For years, some Jubilee loyalists cheered on as the government meted out injustice on Opposition supporters.
Their cheering of their adversaries’ tribulations has now come back to haunt them.
The MPs perceived to be in the Tangatanga wing allied to Deputy President William Ruto, have found themselves victims of a monster they helped create, with security personnel on their toes.
The going within the ruling party has been tough for them to bear.
Those who have tasted the wrath of the government include Moses Kuria (Gatundu South), Ndindi Nyoro (Kiharu), Alice Wahome (Kandara) and Kimani Ngunjiri of Bahati.
Just two weeks ago, Kuria was locked up at the Kilimani Police Station over assault claims. A court order granting him bail was disregarded by the police. Before he was released, his colleagues were dispersed using teargas, evoking memories of the treatment anti-government protesters endured in 2017. Kuria’s reaction immediately after release was one of shock and puzzlement that the government could disobey court orders, keeping him in custody yet he played a central role in getting President Uhuru Kenyatta re-elected.
“It is shameful that I am the one in custody and not (ODM leader) Raila Odinga. I went across the country seeking votes for Uhuru and (Deputy President William) Ruto yet it is not Raila in jail but me,” he said.
To Kuria, the pact between President Kenyatta and Raila under the so-called handshake had made them outsiders in a government they campaigned for.
In his hand was a book, Why Nations Fail, which seemed to send a not-so subtle message about his thoughts on the government, gaving an indication of just how far afoul of the State he has fallen.
Kuria’s predicament has helped refocus attention on the Executive’s disregard of the Judiciary and the rule of law and awakened grumbles from even the DP himself that the State was acting out of turn.
“Public officers must respect court orders. Any public officer who disobeys court orders will bear personal responsibility in the fullness of time,” Ruto said.
Yet the ironies of the current predicament of the Jubilee MPs allied to the DP are inescapable. Statements they made and positions they took a few years ago have become blots to their careers. While still in the Executive’s good graces, the Jubilee allied MPs encouraged the deportation of outspoken lawyer Miguna Miguna and ignored rights violations against anti-government protesters.
Just like the Biblical Paul, the band of legislators have had their road to Damascus moment and a dramatic transformation of their beliefs.
In a complete about-turn of his argument two years ago that Kenya needed a dictatorship, Nyoro now says that President Kenyatta’s government is autocratic.
“Our country is descending into a big abyss and we must stop it. Police are used to propagate political divisions,” Nyoro has said.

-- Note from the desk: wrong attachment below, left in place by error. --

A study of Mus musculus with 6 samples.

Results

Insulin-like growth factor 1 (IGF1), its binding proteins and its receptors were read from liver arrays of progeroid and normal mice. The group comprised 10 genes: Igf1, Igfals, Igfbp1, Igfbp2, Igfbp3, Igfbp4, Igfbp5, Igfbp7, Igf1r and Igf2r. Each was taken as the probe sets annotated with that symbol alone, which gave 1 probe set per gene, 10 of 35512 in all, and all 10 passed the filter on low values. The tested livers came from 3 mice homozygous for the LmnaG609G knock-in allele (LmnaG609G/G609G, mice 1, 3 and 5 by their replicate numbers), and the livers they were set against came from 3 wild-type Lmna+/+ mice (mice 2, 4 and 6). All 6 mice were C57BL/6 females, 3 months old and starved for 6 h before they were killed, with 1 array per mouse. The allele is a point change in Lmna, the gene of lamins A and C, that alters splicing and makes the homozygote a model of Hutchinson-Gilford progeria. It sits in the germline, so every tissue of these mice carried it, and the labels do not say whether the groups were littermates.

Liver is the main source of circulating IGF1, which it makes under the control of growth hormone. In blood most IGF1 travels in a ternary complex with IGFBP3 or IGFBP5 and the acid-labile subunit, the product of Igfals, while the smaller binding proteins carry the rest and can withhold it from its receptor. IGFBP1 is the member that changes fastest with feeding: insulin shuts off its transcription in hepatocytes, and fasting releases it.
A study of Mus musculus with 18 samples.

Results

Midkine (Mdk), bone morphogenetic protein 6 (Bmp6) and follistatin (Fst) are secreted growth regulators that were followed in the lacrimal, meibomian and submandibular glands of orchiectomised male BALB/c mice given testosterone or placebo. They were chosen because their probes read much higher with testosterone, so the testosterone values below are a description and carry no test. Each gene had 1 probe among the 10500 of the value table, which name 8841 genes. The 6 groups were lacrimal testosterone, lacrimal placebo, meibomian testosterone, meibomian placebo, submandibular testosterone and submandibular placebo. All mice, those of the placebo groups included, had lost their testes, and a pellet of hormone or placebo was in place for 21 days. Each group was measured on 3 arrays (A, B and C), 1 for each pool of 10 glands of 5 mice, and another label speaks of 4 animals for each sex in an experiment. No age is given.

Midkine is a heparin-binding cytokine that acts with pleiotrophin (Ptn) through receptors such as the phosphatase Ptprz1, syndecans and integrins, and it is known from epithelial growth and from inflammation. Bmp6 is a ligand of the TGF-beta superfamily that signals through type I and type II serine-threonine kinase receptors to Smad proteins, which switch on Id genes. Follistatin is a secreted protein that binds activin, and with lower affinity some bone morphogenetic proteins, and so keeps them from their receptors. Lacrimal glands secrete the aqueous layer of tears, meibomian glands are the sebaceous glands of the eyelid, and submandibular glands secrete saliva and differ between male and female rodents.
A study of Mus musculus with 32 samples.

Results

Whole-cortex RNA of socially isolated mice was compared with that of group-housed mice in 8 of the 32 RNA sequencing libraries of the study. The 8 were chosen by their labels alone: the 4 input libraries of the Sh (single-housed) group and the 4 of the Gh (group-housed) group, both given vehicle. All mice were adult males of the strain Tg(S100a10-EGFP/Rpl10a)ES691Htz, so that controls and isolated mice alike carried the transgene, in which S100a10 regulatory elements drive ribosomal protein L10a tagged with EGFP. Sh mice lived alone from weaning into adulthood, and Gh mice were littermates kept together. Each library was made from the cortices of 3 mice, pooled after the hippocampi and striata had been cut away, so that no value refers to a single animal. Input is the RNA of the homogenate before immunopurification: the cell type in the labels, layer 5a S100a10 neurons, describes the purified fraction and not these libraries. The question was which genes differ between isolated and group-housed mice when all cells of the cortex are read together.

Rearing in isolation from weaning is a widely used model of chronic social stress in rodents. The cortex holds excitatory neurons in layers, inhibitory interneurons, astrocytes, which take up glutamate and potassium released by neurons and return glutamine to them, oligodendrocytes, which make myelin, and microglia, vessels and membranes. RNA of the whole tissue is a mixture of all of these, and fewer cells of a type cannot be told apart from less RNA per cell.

The MP said they had learnt their lesson after what they supported in the past, including their call for more use of force against ODM supporters who protested against the 2017 presidential election results, came to haunt them.
In a 2017 opinion piece in a local newspaper that has now come to haunt him, Ndindi waxed lyrical about dictators and their values.
“I have of late come to a point of entertaining thoughts that promote the opposite of freedoms and democracy,” he said in the article published in August 2017 making a case for President Kenyatta clamping down on the Opposition.
He is now part of those crying for the protections they encouraged the state to disregard.
“At that time we were sycophants but now we have realised it’s true. Everything goes and comes around,” Ndindi said recently.
In September 2019, Nyoro was briefly arrested for causing disturbance at a church function and sensationally claiming that he was being persecuted for associating with DP Ruto.
But it is Ms Wahome who has pointed a direct finger at President Kenyatta when she recently said the government was using the police to stifle democracy and voices of dissent.
“I want to condemn the people who are behaving like sycophants and pretending to be the ones that are protecting the President,” Wahome said last week, offering a scathing review of her peers.
The government that Ms Wahome is now calling autocratic is the same one she defended to the point of assaulting an Independent Electoral and Boundaries Commission (IEBC) officer in the October 26 repeat presidential election.
On Tuesday last week, four Nakuru leaders - Senator Susan Kihika, Nakuru Town West MP David Gikaria, Martha Wangari (Gilgil) and Samuel Gachobe (Subukia) - were locked out of a presidential function in Nakuru. Wangari and Gachobe were later allowed into the venue where President Kenyatta was handing out title deeds.
The incident occurred on the same day that Agriculture Cabinet Secretary Mwangi Kiunjuri was dropped from the Executive in a Cabinet reorganisation announced from Mombasa.